Imagine you're on a beach in the Pacific, snorkeling and you come upon a sea slug. Gross, right? Sea slugs are nasty, slimy things that crawl around the bottom of the ocean floor. They leave a trail of sea goo and they eat whatever else all the other sea creatures leave behind. Well, not all sea slugs are like that.
One particular breed is just the opposite. It's part of the mollusk phylum, in the class known as nudibranchs. From there it falls under the family Discodorididae and the genus Jorunna Parva. So with all that Latin classification what do you call this thing? Well it's about as far from scary and slimy as you can get, in fact it's fast becoming the Internet's darling of the undersea world. Ladies and gentlemen, check out the Sea Bunny. How can a slug be anything like a bunny? Well, of course they aren't even close to bunnies as far as their classification but this tiny sea slug has everything a bunny has...well, maybe not everything.
First, sea bunnies are way smaller. They don't get much larger than an inch long. They are round and fluffy though, like an underwater cotton ball. What looks like fuzz is actually called caryophyllidia. Rather than being soft like fuzz or fur, they are actually stiff rods, with the consistency of fishing line. In addition, these fibers surround small knob-like black dots. In an interview with National Geographic, Angel Valdes, a professor in the Biological Sciences department at California State Polytechnic University in Pomona, stated, "We don't know for sure what these organs do but they probably play sensory roles."
Like bunnies though, the J. Parva sea slugs do have pointy ears with specialized fuzz that can pick up signals from all directions. Except they aren't really ears and they don't pick up sound. They are called rhinopores and their purpose is sense chemicals in the water that can alert them to potential mates or food sources. In an article in Deep Sea News, marine biologist Dr. Craig McClain wrote, "In the group of nudibranchs that contains the sea bunnies, the rhinophores are particularly 'fuzzy' allowing for more surface area for this reception to occur on."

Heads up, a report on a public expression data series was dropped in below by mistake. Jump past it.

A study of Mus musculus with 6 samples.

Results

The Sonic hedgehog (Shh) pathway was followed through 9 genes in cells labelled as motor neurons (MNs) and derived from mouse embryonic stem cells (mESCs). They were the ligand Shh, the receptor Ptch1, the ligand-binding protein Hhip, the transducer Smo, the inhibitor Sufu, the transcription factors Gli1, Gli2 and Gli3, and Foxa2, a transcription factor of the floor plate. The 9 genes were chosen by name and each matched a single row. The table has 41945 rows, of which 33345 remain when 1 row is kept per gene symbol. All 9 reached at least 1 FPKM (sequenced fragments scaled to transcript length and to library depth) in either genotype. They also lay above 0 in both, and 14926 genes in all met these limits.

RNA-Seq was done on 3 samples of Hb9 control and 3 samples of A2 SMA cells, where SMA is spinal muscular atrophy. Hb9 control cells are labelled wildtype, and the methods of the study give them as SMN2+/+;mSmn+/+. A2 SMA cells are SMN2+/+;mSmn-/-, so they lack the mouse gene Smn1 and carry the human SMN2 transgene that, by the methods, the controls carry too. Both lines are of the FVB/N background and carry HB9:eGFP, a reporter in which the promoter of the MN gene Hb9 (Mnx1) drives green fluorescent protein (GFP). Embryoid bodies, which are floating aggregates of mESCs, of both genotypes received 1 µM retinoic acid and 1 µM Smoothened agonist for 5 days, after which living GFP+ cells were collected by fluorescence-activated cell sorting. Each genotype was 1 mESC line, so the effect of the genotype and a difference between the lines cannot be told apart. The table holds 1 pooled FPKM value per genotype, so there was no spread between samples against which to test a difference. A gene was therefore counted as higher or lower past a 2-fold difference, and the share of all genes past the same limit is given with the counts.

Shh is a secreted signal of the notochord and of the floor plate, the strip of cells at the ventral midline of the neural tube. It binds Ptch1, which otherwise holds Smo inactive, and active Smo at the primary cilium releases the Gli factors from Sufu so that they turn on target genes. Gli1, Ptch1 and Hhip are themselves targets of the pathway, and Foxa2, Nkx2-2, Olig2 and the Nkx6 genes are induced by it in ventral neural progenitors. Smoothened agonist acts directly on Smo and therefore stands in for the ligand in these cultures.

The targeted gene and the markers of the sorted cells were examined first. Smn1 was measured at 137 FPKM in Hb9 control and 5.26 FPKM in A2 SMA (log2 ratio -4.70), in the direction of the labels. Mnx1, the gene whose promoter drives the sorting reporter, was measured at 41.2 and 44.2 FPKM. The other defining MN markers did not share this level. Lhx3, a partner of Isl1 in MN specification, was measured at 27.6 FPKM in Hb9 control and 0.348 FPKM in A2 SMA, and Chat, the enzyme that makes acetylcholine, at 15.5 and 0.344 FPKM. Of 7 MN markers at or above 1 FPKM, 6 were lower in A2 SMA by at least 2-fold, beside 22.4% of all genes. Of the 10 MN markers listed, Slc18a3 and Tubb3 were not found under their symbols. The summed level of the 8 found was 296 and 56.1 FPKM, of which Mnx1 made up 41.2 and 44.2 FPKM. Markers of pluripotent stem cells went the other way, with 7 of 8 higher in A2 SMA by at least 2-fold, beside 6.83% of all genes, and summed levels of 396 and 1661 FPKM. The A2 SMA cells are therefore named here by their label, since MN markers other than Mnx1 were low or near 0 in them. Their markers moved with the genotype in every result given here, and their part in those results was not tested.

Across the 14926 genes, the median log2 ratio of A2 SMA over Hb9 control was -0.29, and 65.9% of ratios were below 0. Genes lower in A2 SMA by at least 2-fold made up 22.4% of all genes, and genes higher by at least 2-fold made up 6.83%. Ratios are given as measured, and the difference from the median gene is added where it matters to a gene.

What about reproduction? Like rabbits, are the sea bunnies happily multiplying? That's a little more complicated. They are hermaphrodites, and their bodies contain both sperm and eggs however they cannot fertilize themselves, so they don't have the numbers that land rabbits do.
Japanese marine biologist Kikutaro Baba discovered the species and was the first to describe them in 1938, but they've been pretty much unknown since. So why all the Internet fame? A Japanese dive store filmed them in March of 2014, but the footage recently went viral and a new cyber star was born.
While the most common color is white, they actually come in several colors such as yellow, green or even bright blue. They are mostly found off the coast of Japan, but can also be spotted in the waters of the Indian Ocean and in the Philippines. They've been taking social media by storm though and are being seen all over Twitter, Facebook and online publications. Pretty impressive for a slug. check out the video to learn more
Source: Treehugger.com, Deep Sea News, National Geographic
I'm a writer living in the Boston area. My interests include cancer research, cardiology and neuroscience. I want to be part of using the Internet and social media to educate professionals and patients in a collaborative environment.